This is highly dependent on which aquatic plants we’re talking about. Some plants can grow just floating in the water column, some can grow on things like rocks and pieces of wood, while others must have substrate to grow.
Knowing which plants you’d like to incorporate into your aquarium is one of the first things to consider when assembling your planted tank. This decision will essentially determine the overall look of your tank and may act as your foundation…literally.
In this post, we’ll go over a few different ways that certain species of aquatic plants can grow.
Plants that can grow just floating around your tank, without the need for a substrate layer. These include most mosses such as Java Moss or Christmas Moss they can also be grown by tying them onto rocks or a piece of wood.
Some examples of non-moss species; Amazon frogbit, Water Lettuce, Marimo Moss Ball and Hornwort however, unlike the moss, these cannot be tied down. When choosing these types of floaters you must take into consideration the possibility that they may block light from reaching the plants below them, which may cause some loss of plants.
Plants requiring some form of anchor
Anchoring plants simply require something to hold onto, typical anchors are rocks and driftwood. These species typically have few large roots and need to be tied to an anchor during it’s initial placement. Over time, these plants will have rooted themselves on the anchoring medium and will no longer need to be tied. Examples are Anubias Nana or Java Fern.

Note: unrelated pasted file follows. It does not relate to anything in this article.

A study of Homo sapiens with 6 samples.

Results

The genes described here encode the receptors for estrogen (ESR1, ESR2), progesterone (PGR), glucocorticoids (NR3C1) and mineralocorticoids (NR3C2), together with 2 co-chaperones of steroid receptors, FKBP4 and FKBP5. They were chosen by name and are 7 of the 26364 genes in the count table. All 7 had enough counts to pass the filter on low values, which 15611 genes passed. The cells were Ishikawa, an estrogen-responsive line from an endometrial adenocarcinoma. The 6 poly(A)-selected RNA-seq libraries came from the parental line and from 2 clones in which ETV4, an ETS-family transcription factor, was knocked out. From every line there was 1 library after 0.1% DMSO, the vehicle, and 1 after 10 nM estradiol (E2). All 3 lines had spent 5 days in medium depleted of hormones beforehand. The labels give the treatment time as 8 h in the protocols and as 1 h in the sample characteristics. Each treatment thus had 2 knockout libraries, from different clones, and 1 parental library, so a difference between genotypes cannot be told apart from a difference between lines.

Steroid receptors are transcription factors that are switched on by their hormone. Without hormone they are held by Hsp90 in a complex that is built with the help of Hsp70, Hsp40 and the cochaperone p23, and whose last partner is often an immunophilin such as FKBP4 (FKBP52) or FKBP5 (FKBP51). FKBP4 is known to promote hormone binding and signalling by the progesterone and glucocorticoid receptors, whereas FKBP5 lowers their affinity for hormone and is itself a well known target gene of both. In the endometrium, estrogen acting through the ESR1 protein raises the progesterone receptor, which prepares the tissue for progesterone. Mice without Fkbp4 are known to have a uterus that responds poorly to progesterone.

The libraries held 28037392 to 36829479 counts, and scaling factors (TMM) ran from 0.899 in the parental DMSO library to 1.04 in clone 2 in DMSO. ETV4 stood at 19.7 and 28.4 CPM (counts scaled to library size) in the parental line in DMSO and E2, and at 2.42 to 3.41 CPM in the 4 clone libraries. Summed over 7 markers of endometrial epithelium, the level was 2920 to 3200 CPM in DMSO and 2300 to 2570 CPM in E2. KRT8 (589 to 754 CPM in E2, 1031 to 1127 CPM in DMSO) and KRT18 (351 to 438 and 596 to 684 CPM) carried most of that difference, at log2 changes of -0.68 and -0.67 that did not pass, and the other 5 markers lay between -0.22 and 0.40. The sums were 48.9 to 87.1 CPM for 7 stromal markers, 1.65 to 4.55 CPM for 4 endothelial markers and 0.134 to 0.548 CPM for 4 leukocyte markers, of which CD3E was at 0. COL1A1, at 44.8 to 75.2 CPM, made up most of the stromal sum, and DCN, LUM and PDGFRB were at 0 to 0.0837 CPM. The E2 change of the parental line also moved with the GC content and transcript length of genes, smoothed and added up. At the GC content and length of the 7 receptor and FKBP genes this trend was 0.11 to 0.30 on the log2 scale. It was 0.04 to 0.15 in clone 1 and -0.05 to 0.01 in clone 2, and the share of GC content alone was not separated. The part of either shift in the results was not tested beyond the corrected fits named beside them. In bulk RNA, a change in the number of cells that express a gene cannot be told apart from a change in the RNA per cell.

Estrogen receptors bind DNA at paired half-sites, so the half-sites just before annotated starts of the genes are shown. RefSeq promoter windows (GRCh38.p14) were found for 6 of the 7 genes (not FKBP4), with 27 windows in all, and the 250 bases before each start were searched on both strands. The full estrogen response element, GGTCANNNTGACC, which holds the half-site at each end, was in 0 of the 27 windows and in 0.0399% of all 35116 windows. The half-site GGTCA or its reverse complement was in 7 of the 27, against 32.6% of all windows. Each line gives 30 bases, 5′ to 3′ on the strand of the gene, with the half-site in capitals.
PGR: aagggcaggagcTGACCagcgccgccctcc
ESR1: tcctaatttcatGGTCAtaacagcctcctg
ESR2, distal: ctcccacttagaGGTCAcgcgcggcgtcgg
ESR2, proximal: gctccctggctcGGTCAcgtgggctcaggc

Plants that require at least a shallow substrate layer
For these plants you will need substrate that is at least 2 inches in depth, although they have been grown in less, this is a good place to start. Examples of these shallow growers are; Rotala Wallichii and Hygrophila
Plants that require a deep substrate layer
And finally, deep rooting aquarium plants such as Cryptocoryne Wendtii. The Cryptocoryne species are known simply as “Crypts”. These aquarium plants will need substrate of at least 2 and a half inches in depth.
While dosing with fertilizers is not necessary if you have , it’s important to note where your plants grow, will determine how you dose your fertilizers. For free floating aquarium plants and anchored plants you will want to use liquid fertilizers such as NilocG Aquatics Thrive All In One Liquid Fertilizer. The reason is that they rely on the water column for there nutrients.
For the species that are planted within the substrate, Seachem Root Tabs are suggested but liquid fertilizers can also be used.
Choose your plants first then determine how the plant likes to grow. This will ultimately answer the question “Do you need substrate for aquarium plants?”. As you’ve seen above, the answer is technically no and technically yes.
Until next time, keep your thumbs aquatic!